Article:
Where is there a discussion where one can or can not injure or kill anybody who trespasses one's property?
I took a class earlier this year that addressed your question and related topics. Here's what I learned. The following sources are from a class at Kulam Pittsburgh taught by R' Will Friedman from the Pardes Institute:
First, the torah tells us in Shemot 22:1-2 that if a thief is found breaking in and is killed there is no guilt (for the killer), but if the thief comes by daylight and is killed there is guilt.
Tosefta Sanhedrin 11:9 understands the first case (the thief breaking in, literally tunneling in, by night):
- If he came to kill, one may kill him extrajudicially.
- If he came to steal money, one may not kill him extrajudicially.
- If there is doubt about which of those it is, one must not kill him extrajudicially.
Sanhedrin 72a says in the mishna that one found breaking in may be killed. The g'mara explains:
Rava says: What is the reason for this halakha concerning a burglar who breaks into a house? He explains: There is a presumption that a person does not restrain himself when faced with losing his money, and therefore this burglar must have said to himself: If I go in and the owner sees me, he will rise against me and not allow me to steal from him, and if he rises against me, I will kill him. And the Torah stated a principle: If someone comes to kill you, rise and kill him first.
R' Nissim (the Ra"n, according to my class handout), writing in the 14th century, argues: surely not all thieves come with murderous intent; some would drop the stolen goods and run if confronted, and since theft is not a capital transgression the homeowner is not justified in killing the thief. However, he continues, this concern is overriden by the fact that some homeowners won't restrain themselves, and all thieves know this and must accept it. So since it's the thief who set everything in motion, the torah deems the thief a rodef and he can be killed.
Meanwhile, the Yerushalmi in Sanhedrin 8:8 says: R' Shimon ben Yochai permits the homeowner to chase after the thief even after he leaves and kill him, because a person's money is as dear to him as his life. Rav Huna says the homeowner is not guilty if the thief, while still in his house, turns to leave.
hazoriz suggested the following additional sources in a comment (thanks!):
The Rambam here rules:
When a person breaks into a home - whether at night or during the day - license is granted to kill him. If either the homeowner or another person kills him, they are not liable. The license to kill him applies both on the Sabbath and during the week; one may kill in any possible manner. This is all implied by Exodus 22:1, which literally reads: "He has no blood."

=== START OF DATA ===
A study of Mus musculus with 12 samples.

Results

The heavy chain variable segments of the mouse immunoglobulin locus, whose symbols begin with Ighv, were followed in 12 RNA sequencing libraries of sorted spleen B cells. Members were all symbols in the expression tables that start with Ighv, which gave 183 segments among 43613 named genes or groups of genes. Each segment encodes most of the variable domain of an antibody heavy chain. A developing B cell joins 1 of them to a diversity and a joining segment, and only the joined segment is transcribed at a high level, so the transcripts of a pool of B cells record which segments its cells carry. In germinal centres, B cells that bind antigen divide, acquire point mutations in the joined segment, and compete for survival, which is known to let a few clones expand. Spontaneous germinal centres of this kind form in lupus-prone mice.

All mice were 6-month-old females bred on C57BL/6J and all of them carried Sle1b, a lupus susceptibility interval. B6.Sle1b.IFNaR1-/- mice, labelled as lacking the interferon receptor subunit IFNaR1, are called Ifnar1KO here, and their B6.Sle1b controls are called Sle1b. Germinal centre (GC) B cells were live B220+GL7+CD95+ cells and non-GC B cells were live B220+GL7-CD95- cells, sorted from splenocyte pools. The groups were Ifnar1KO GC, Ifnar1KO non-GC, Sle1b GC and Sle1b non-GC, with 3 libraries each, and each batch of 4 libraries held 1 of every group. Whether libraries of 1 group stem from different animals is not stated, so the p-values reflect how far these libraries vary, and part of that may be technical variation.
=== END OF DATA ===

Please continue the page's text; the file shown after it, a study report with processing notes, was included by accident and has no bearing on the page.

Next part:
The license mentioned above applies to a thief caught breaking in or one caught on a person's roof, courtyard or enclosed area, whether during the day or during the night. Why does the Torah mention "breaking in," because it is the general practice for thieves to break in at night.
Why did the Torah permit the blood of such a thief to be shed, although he is only attempting to steal money? Because it is an accepted presumption that if the house-owner arises and attempts to prevent the thief from stealing, the thief will slay him. And thus the thief entering his colleague's house to steal is in effect a pursuer seeking to kill his colleague. Therefore, he should be killed, whether he is an adult or a minor, or a man or a woman.
If it is clear to the house-owner that the thief who breaks in will not kill him and instead is only seeking financial gain, it is forbidden to kill the thief. If the house-owner kills him, the house-owner is considered to be a murderer. This is alluded to by Exodus 22:2, which states: "If the sun shines upon him..." - i.e., if it is as clear to you as the sun that he is at peace with you, do not kill him. Therefore, a father who breaks into his son's home should not be killed. But a son who breaks into his father's home may be killed.
See also the Rema here:
One who "tunnels in order to steal" has this rule of pursuer applied to him, however if it is understood that his only intent is monetary gain, and that he would not kill the owner in a confrontation, then it is forbidden to kill him.
The Rambam and the Rema agree that if it's clear the thief doesn't intend to kill then it's not ok to kill him, but otherwise it is (at any time of day). This appears to be the halacha. Not addressed there (and I think it's beyond the scope of the current question) is how one should determine the intent of the thief.